It is placed by him in his Retractationes among the works written (meaning begun) in AD 400. In letters of 410 and 414 and at the end of 415,[2] it is referred to as still unfinished and unpublished. But a letter of 412[3] states that friends were at that time asking to complete and publish it, and the letter to Aurelius, which was sent with the treatise itself when actually completed, states that a portion of it, while still unrevised and incomplete, was in fact surreptitiously made public. It was still in hand in 416: in Book XIII, a quotation occurs from the 12th Book of the De Civitate Dei; and another quotation in Book XV, from the 99th Tractate on John's Gospel.

The Retractationes, which refer to it, are usually dated not later than 428. The letter to Bishop Aurelius also states that the work was many years in progress and was begun in Saint Augustine's early manhood. It was finished in his old age. Arthur West Haddan inferred from this evidence that it was written between 400, when he was forty-six years old and had been Bishop of Hippo about four years, and 428 at the latest; but it probably had been published ten or twelve years earlier, in or around 417.[4]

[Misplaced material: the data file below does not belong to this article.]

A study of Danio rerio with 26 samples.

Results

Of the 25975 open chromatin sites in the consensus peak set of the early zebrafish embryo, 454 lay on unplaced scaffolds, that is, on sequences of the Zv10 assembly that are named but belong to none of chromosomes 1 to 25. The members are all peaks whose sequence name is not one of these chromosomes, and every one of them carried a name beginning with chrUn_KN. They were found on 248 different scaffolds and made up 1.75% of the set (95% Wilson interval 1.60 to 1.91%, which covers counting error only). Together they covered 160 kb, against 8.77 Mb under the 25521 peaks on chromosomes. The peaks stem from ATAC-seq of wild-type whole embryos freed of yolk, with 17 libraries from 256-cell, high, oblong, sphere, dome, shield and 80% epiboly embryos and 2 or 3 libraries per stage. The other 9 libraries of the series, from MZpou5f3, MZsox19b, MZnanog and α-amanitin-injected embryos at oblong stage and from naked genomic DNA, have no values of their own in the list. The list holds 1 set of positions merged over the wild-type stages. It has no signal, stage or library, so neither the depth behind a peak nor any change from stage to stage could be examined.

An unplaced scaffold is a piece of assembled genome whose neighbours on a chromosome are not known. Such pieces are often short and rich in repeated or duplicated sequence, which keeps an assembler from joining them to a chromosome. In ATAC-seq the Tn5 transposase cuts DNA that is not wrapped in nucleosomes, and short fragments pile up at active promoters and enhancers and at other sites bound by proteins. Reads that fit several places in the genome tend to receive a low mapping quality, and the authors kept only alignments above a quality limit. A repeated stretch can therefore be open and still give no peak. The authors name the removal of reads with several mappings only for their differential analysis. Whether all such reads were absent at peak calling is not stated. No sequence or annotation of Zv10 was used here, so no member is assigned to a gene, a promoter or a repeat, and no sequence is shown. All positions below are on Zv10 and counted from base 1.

It is also the title of works written by at least two other scholars of the early church: Hilary of Poitiers (the Hammer of the Arians) and Richard of St. Victor.

In an apocryphal letter of Augustine to Cyril of Jerusalem, Augustine referred to having seen a child who was trying to pour the seawater in a hole with a seashell. After having explained to the child that it was impossible, the child replied in Latin to Augustine: "Augustinus, Augustinus, quid quaeris? Putasne brevi immettere vasculo mare totum?" (which means: "Augustine, Augustine, what are you trying to do? Do you believe to be able to pour the whole sea in a little jar?"). Then the child disappeared from his sight.[5][6]

The anecdote means the impossibility for the finite human mind to know deeply the faith mystery of the Most Holy Trinity. The anecdote became a popular iconographic subject.[5] Some interpreters identify the child with the Lord Jesus.[7]


  1. ^ Hill O.P., Edmund. "Augustine on the Trinity", Life of the Spirit, Vol. 15, No. 180 (JUNE 1961)
  2. ^ Ad Consentium, Ep. 120, and two letters Ad Evodium, Epp. 162, 169.
  3. ^ Ad Marcellinum, Ep. 143.
  4. ^ Translator's Preface
  5. ^ a b "Augustinus meet a child on the beach".
  6. ^ Jacques-Paul Migne (1841). Patrologiae Cursus Completus: Series Latina. p. 1121.
  7. ^ "Saint Augustine and the Mystery of the Trinity".